Flu season peaks from January to March every year, and it is important for everyone to get a flu shot every year as the strain of virus changes. That means last year’s vaccine probably won’t protect you from this year’s strain. Everyone over the age of six months should get a vaccine, with the exception of those who have severe egg allergies and people with neurological problems. It takes about a week or two for flu antibodies to mature and offer protection from infection once the injection has been administered, so it is better to get yours done earlier rather than later.
People who are at greater risk of developing flu and its complications, and those who should get vaccinated first, should there ever be a shortage, are children between six months and four years of age, people older than 50 years of age, people who have chronic respiratory problems (including asthma), people with cardiovascular disease, hepatic and renal disorders, or metabolic, hematologic and neurological problems. Pregnant women, people who are morbidly obese and people have a compromised immune system, such as those with HIV, should also get an annual vaccination against flu.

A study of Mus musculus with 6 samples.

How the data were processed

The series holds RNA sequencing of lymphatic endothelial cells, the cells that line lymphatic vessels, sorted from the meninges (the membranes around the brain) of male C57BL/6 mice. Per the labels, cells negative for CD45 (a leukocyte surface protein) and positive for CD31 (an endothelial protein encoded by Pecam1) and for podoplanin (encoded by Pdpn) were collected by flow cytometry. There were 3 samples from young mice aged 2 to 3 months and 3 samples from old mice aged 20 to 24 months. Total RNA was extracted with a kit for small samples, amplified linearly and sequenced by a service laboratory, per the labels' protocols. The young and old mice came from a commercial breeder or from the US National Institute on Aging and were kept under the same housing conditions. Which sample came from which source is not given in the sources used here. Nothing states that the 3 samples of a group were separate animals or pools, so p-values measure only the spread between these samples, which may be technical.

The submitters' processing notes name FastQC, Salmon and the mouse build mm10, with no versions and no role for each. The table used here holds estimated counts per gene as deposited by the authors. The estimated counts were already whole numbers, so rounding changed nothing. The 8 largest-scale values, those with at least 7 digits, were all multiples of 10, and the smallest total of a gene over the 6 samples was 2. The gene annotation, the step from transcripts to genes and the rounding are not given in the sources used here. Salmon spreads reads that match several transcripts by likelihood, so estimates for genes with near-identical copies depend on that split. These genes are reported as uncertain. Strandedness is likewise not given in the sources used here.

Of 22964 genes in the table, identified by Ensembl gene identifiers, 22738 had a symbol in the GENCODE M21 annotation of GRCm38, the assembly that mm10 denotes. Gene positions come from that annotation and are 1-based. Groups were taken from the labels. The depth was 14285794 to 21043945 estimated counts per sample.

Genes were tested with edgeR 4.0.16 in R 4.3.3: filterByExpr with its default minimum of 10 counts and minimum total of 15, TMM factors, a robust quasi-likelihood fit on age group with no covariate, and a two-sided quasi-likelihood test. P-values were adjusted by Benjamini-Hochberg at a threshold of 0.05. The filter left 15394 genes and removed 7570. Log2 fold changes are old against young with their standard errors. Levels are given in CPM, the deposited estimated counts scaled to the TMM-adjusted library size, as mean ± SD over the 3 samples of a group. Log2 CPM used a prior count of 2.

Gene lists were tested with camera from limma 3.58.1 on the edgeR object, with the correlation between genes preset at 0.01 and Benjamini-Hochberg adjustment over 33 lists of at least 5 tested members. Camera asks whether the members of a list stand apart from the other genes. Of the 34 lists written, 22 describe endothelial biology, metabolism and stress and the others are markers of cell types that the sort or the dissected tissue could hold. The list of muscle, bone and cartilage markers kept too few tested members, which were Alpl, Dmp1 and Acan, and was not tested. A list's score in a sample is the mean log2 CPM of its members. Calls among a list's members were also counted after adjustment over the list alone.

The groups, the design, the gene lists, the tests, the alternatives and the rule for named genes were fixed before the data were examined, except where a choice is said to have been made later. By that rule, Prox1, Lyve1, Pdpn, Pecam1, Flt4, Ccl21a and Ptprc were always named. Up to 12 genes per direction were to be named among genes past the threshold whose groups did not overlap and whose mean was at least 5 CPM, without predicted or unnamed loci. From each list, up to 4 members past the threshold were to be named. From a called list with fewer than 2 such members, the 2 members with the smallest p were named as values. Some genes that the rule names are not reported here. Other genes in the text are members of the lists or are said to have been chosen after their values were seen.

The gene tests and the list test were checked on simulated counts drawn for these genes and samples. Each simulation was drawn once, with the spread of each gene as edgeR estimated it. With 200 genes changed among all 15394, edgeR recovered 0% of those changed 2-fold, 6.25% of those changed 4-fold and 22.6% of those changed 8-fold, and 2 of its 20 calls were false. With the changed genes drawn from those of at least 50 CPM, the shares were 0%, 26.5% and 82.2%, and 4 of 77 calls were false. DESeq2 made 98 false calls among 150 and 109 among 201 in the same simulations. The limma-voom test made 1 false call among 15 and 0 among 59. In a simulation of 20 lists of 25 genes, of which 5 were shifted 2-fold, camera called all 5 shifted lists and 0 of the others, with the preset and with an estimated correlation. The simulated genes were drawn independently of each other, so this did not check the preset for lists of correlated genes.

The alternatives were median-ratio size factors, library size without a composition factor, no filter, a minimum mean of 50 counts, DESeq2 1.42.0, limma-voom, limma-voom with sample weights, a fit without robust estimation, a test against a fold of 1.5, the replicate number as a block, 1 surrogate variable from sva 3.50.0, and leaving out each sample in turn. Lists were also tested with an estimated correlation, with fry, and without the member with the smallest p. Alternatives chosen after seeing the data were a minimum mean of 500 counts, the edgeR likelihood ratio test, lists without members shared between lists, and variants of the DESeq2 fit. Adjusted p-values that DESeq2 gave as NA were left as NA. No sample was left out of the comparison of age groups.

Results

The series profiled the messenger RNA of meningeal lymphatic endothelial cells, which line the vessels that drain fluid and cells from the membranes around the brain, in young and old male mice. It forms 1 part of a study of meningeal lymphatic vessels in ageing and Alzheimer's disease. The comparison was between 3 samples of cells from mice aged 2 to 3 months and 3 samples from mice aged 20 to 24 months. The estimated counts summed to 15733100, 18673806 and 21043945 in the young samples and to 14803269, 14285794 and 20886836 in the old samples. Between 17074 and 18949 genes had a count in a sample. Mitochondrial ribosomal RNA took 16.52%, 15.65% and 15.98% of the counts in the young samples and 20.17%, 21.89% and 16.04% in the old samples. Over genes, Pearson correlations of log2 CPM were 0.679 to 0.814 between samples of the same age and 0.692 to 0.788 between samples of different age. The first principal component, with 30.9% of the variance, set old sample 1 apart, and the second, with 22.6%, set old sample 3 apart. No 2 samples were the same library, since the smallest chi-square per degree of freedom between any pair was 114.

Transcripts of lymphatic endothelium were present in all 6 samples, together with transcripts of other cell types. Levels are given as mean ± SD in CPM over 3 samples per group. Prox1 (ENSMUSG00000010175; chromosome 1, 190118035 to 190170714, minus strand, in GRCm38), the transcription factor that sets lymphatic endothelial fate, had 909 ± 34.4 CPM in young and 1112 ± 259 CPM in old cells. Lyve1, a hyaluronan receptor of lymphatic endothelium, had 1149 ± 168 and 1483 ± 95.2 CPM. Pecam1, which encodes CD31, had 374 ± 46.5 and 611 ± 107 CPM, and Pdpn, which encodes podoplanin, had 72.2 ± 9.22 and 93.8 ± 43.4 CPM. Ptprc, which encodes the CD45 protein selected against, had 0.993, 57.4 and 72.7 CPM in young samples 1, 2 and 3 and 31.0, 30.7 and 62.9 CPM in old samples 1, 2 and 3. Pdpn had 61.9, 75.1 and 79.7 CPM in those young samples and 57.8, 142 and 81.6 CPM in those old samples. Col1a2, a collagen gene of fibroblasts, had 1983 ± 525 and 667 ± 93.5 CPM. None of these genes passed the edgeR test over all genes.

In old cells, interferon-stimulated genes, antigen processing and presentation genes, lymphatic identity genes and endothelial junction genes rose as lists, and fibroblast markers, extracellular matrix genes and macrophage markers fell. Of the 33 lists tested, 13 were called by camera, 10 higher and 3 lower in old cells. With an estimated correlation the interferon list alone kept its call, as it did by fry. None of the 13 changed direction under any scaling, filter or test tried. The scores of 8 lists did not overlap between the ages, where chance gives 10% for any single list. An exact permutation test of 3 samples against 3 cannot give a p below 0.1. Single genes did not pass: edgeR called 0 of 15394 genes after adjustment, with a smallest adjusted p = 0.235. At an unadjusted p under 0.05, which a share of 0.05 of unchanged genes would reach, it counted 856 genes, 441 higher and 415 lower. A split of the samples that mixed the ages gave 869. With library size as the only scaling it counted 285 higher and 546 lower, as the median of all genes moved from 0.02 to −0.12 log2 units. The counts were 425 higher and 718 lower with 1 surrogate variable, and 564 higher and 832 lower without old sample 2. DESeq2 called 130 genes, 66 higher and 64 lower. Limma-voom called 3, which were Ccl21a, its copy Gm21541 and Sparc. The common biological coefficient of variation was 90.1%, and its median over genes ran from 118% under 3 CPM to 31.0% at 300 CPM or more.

While it is unusual it is possible for flu to result in complications if it is not treated, especially in people identified above. Sometimes influenza can progress to severe acute respiratory syndrome (SARS) or pneumonia, putting the patient at greater risk.
Having a flu vaccine is a preventative approach to managing your health and saves you the inconvenience of ‘down time’ and recovery, as well as the added expenses of medication and doctors’ consultations should complications arise.
Vaccines against influenza are readily available at a number of pharmacies and clinics in Las Vegas, and offer you to take seasonal control over your health and wellbeing, and that of your family.